Ever hired the wrong person for the job? 98% of Singapore CFOs say they have

Ever hired the wrong person for the job? 98% of Singapore CFOs say they have

A survey of chief financial officers (CFO) in Singapore by recruiter Robert Half found that 98 per cent of respondents admitted to a bad hiring decision, with almost one in four (24 per cent) taking just two weeks to discover that they have hired the wrong person.

This places them in the same standing as other CFOs around the world, highlighting a major issue which they all face. Equally bad at hiring include CFOs in Australia, Belgium, Brazil, France, Germany, Hong Kong, Switzerland and the UK who fare between 97 and 100 per cent.

Said Matthieu Imbert-Bouchard, Robert Half Singapore managing director: "Hiring the wrong person is not unique to Singaporean employers, unfortunately, it happens in numerous workplaces globally where hiring managers have made the wrong decision when recruiting a new employee. The cost of a bad hire is being felt across several workplaces in different countries, and far exceeds the impact of lost time and money spent on the recruitment process, as companies can potentially lose customers, suffer a decrease in productivity and even damage staff morale."

He added: "Essentially, it is more difficult for hiring managers and their team to accommodate a poor performer than it is to invest in an effective candidate evaluation process.

"The wisest hiring managers put in the time and effort to make sure they have the best available pool of applicants for every job opening."

According to the study of 150 CFOs in Singapore, the most common reasons why new hires did not meet expectations were:

- a mismatch of skills (43 per cent),

- the candidate being underqualified (37 per cent) or overqualified (35 per cent), and

- a misalignment in attitude (34 per cent).

More than one in three (35 per cent) CFOs say they terminated the employee contract. Some 33 per cent developed a training programme to develop the employee's skills to the desired level, and partnered a staffing agency to secure a replacement.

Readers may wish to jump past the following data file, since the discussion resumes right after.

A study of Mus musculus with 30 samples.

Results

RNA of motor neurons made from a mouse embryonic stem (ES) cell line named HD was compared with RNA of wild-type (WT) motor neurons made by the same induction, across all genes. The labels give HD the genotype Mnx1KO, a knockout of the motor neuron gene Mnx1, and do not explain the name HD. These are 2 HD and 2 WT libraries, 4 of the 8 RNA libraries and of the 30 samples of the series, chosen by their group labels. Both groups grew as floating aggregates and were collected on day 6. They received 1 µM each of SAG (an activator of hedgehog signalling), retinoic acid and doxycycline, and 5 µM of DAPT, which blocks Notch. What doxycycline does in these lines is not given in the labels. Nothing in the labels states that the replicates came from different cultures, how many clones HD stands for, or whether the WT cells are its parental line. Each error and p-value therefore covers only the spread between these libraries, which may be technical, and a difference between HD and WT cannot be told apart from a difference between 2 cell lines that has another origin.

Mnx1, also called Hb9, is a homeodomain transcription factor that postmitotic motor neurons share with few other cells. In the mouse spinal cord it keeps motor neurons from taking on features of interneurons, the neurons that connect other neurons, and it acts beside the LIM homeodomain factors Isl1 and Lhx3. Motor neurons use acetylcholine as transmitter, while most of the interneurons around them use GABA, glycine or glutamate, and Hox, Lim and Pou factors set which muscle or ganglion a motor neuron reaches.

Close to one-third (32 per cent) of finance employers looked for an alternative internal vacancy the candidate would be better suited for, and 28 per cent adopted a "wait and see" approach to see if the employee's performance would improve.

The CFOs said the top three consequences of a bad hire are:

- increased workload for colleagues (43 per cent),

- increased stress on managers (43 per cent), and

- increased stress on colleagues (41 per cent).

Other cited negative consequences include increased workloads for managers (38 per cent), lost productivity (28 per cent) and higher recruitment costs (27 per cent).

Bad hires can be highly costly for companies, though many companies here struggle with accurately calculating the cost of hiring the wrong person.

Mr Imbert-Bouchard said that determining an applicant's suitability for a role, including technical skills, cultural fit and attitude can be challenging for any interviewer.

His advice for hiring managers is to have clear hiring criteria in mind, come to the interview prepared and implement a rigorous process in order to identify the "best fit" candidate. Hiring managers should also keep the hiring process on point and in line with changing market demand by regularly reviewing their hiring policies in order to balance the recruitment process with the right level of efficiency and rigour.

This article was first published in The Straits Times. Permission required for reproduction.